Editorials

Protect UNC’s environmental research from Berger’s political meddling

A 2014 Dwane Powell editorial cartoon focused on then-House Speaker Thom Tillis, Senate leader Phil Berger and then-state Budget Director Art Pope and how their scientific views would change the NC Museum of Natural Sciences.
A 2014 Dwane Powell editorial cartoon focused on then-House Speaker Thom Tillis, Senate leader Phil Berger and then-state Budget Director Art Pope and how their scientific views would change the NC Museum of Natural Sciences.

Phil Berger, president pro tem of the state Senate, has, has helped his mates eliminate responsible environmental regulation, including a boost for hardened structures to protect beach property (which only shifts sand elsewhere), an OK for fracking, and an endorsement of a new definition of sea level rise that overrides scientific expertise.

Expanding his work in environmental science, Berger is now seeking to augment research at the University of North Carolina at Chapel Hill, where he reckons there are entirely too many liberals and Democrats on the faculty, most of whom want to protect the environment at a cost to business.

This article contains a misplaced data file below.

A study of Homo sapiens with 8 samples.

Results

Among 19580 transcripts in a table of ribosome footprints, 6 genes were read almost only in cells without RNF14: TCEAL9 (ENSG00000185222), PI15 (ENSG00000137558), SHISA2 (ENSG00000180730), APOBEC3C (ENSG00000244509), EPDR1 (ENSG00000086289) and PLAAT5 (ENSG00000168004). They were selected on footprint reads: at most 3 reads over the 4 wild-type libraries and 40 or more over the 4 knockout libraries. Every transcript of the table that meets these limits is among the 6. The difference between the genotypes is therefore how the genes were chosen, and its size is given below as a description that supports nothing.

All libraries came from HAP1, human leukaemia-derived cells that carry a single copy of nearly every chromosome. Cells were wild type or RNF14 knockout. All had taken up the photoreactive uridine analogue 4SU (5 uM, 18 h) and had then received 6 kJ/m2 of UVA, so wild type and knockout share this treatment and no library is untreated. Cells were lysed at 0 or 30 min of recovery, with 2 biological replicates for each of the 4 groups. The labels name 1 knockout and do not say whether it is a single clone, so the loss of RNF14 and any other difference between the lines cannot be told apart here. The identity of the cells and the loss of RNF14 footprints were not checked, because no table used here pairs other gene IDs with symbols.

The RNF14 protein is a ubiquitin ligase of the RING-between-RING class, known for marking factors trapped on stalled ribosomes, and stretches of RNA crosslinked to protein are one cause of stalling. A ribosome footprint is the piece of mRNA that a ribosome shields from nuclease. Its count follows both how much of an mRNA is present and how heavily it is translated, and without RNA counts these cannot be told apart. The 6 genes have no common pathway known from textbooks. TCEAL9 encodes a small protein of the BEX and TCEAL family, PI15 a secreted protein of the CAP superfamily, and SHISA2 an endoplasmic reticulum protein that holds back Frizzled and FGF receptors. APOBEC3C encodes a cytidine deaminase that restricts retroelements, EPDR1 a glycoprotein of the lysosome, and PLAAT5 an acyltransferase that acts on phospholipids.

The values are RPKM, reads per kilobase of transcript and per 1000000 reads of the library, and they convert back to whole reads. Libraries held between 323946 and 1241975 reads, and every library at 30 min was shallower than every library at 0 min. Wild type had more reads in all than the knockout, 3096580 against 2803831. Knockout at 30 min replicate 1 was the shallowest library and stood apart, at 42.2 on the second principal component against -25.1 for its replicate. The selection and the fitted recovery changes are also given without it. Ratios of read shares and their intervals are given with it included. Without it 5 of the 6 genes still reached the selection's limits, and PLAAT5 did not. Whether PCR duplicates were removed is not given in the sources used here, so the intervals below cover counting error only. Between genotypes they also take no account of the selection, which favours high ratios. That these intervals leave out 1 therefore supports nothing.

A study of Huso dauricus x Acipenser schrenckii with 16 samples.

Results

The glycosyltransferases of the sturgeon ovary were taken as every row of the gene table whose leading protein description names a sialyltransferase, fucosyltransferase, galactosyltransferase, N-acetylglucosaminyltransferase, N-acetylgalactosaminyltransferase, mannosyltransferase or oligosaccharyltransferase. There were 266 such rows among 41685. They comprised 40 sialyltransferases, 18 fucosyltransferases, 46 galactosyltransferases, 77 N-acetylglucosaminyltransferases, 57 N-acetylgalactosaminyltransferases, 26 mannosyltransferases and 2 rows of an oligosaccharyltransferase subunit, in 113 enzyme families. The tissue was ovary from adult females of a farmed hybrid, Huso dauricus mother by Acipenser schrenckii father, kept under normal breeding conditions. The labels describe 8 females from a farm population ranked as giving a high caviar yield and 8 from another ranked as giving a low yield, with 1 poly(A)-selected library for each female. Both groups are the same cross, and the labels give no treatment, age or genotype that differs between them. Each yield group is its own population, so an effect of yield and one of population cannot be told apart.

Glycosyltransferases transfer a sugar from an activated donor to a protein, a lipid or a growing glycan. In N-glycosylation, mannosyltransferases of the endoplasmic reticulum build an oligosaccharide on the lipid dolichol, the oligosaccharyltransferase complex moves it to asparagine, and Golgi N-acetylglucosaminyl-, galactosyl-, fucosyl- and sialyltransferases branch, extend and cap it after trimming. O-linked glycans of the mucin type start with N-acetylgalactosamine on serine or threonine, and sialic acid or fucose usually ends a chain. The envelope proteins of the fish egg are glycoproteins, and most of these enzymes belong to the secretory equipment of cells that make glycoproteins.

Berger’s solution: a new policy initiative called the N.C. Policy Collaboratory where scientists will be researching, according to the law, “environmental and economic components” of the management of natural resources, including water quality. Basically, the collaboratory will be considering business implications of environmental policy. And it appears likely to be headed by Jeff Warren, a science adviser for Berger, who helped in the rewriting of environmental bills, which included curbing regulation and limiting how local governments can do their own rules. Berger said he’d support Warren, a former adjunct assistant professor at Duke and a former employee of Phillips Petroleum.

But Berger also noted he’s recommended other people for jobs in Chapel Hill and in the UNC system, only to be ignored because, he thinks, they were conservatives. The Senate leader even came up with a ratio of 12 to 1, Democrats to Republicans, on the UNC faculty, and said he’d gotten a lot of complaints about “philosophical and partisan homogeneity at UNC.” Meaning, there are too many liberals there.

There’s nothing wrong with a lawmaker having a conversation with a university leader about offering a forum to more politically diverse opinions on the campus. But there’s a lot wrong with direct meddling in curricula based entirely on politics.

That makes it all the worse that UNC-CH Chancellor Carol Folt has been silent on this move and thus appears ready to do Berger’s bidding. She should have stood strongly against this, regardless of the consequences.

Berger acknowledges he’s tried to recommend conservatives for jobs. Now that he’s succeeded in pushing through something like this, he’s certainly going to continue to interfere. UNC’s faculty and leadership should say no to this political meddling in research.